One of the most beautiful two-word phrases in the English language, made even more beautiful in that I really don’t hear it very often. Not because I’m rarely right, but because I’m surrounded by brilliant people who are also right a lot of the time, so we just don’t feel the need to acknowledge each other’s correctness.
Being human, though, I do get things wrong. Sometimes, I get things spectacularly wrong. I’m still learning what works and what doesn’t. As my roommate and I are fond of saying, “College is all about experimentation!”
We usually get funny looks because we’re actually not talking about sex or drugs. (Or rock ‘n’ roll, usually. Dubstep, swing, and occasionally pop, though.) Yesterday, I decided to try adding some raspberry flavoring to my vanilla soymilk, just to see how it would taste. (It was excellent.) See, I’m mildly lactose intolerant—enough that I need soymilk, anyway. Cow’s milk does unhappy things to me when I just drink it straight. But soymilk is also tricky for me, because I didn’t have milk for so long (in the past eight years, I’ve had maybe a full 8 fluid ounces that wasn’t cooked/baked into something), so I don’t like the taste. Vanilla soymilk is better, but it does not always mix with whatever food I’m eating, and doubly so if this food happens to be cereal. It’s all a process of trial and error.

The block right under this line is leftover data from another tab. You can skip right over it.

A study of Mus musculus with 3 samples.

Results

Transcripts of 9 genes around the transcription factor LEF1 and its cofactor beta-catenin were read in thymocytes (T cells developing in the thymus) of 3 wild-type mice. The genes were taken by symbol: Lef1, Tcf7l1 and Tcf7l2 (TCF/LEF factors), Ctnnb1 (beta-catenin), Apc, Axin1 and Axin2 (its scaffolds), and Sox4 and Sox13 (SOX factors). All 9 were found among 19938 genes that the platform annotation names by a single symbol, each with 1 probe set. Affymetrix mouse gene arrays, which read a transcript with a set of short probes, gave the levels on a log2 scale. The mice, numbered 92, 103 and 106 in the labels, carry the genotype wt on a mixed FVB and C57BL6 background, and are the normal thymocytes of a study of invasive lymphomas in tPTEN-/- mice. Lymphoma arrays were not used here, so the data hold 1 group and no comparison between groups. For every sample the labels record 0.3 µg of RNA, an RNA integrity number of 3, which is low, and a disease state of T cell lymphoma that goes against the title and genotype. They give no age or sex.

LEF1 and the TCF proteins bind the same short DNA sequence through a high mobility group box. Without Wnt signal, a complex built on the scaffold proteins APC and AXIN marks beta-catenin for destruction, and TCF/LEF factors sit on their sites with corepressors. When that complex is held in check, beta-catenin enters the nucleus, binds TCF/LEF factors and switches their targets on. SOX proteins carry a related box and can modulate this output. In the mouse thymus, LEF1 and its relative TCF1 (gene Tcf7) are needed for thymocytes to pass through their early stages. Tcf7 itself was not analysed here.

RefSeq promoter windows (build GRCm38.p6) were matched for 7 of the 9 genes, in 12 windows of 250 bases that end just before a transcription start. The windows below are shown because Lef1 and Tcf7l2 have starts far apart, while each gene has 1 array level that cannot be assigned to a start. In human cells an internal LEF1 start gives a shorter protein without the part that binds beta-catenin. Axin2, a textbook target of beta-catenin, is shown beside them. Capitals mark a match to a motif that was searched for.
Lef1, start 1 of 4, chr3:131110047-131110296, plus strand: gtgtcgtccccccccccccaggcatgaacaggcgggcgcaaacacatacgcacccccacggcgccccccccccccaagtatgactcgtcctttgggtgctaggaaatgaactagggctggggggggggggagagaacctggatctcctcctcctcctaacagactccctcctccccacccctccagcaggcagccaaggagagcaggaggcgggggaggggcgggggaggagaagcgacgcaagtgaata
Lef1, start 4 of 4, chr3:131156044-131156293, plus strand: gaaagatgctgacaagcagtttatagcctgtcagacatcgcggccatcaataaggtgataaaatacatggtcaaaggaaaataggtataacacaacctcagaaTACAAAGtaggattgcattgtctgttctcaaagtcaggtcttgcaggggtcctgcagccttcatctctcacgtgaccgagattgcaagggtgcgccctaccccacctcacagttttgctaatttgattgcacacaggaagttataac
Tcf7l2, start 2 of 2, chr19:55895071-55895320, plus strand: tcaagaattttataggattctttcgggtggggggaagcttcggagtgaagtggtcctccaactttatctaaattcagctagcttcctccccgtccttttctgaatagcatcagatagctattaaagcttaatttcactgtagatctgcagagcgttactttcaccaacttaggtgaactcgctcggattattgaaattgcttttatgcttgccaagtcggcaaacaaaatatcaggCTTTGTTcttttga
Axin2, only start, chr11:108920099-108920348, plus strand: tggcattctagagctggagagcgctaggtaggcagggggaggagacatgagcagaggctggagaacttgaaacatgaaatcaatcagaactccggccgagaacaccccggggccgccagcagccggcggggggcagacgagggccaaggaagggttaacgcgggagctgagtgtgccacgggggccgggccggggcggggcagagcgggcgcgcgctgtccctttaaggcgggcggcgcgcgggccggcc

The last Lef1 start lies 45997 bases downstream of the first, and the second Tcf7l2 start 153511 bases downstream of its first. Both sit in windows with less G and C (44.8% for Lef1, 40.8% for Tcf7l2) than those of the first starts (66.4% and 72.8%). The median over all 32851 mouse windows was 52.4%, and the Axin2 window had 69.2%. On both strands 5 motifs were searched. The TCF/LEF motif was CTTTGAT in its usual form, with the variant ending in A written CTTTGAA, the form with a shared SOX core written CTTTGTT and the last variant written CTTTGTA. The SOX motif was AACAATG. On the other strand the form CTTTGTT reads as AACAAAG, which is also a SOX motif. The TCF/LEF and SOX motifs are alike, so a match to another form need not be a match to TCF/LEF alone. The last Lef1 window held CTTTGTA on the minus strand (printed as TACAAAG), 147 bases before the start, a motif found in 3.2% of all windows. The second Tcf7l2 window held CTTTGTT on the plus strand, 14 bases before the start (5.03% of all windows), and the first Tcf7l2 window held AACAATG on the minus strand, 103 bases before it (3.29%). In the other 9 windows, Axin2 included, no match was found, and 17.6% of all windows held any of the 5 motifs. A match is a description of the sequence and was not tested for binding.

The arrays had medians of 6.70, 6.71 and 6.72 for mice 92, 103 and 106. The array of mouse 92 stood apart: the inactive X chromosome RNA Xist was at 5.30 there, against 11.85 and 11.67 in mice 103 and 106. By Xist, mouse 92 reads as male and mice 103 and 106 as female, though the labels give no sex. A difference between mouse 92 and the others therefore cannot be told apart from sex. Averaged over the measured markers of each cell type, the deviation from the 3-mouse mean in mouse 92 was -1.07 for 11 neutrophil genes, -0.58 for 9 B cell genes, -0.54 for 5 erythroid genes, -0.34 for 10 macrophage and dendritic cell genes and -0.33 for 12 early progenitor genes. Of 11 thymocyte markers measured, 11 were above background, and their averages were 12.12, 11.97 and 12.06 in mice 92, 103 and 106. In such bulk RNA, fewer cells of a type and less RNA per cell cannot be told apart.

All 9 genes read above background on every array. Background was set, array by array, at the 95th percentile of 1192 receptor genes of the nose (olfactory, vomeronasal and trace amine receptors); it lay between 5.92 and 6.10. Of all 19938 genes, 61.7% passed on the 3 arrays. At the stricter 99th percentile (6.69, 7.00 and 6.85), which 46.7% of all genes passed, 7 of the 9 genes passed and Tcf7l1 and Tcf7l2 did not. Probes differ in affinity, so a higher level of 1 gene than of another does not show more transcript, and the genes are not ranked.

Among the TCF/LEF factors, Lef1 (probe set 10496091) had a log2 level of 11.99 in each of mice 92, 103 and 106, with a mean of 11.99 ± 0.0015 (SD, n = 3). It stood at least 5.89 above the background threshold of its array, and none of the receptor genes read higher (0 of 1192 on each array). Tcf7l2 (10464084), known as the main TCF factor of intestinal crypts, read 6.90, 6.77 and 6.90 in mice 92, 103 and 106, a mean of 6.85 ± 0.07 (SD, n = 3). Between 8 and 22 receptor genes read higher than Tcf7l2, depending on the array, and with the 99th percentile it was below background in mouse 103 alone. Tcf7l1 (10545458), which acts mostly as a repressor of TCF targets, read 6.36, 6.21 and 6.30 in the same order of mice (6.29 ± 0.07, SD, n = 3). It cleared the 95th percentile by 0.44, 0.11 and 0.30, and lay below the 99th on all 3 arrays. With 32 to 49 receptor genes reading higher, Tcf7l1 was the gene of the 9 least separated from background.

Sometimes, it’s a process of “oops, I forgot…”
I like baking. I love baking breakfasts. Even though I’m a morning person, I just shouldn’t do this first thing in the morning sometimes. I’ve had two really spectacular flubs: First, the fail muffins—I forgot to add baking powder, so they were flat and dense. Second, the exploding coffee cake—I doubled the recipe, and tripled the baking powder. That was the day I learned how much of a pain cleaning the oven is. Whoops. Baking might not be an exact science or art—one molecule more than three cups of flour won’t kill it—but there is such a thing as really getting it wrong.
I also had one very spectacular signing flub a few months ago. I was signing with a deaf student, and could not for the life of me remember the sign for “nice”. I could piece together a whole bunch of other sentences and bits of information, but this one simple sign, I could not recall. I wound up having to fingerspell it, my face the very picture of frustrated shame the entire time. (At least that’s one thing I can do well that ASL requires…)
I’ve just sort of learned to laugh at myself, though. It’s really the only thing I can do. If it’s something I need to learn from, I try to get the lesson and move on. Not always before I bury my head under a pillow or yank my sweatshirt hood up over my head or turn bright red (there is a reason—well, two, actually—a high school friend nicknamed me “Thermoman”), but I can laugh at that later, too. Being right all the time is overrated.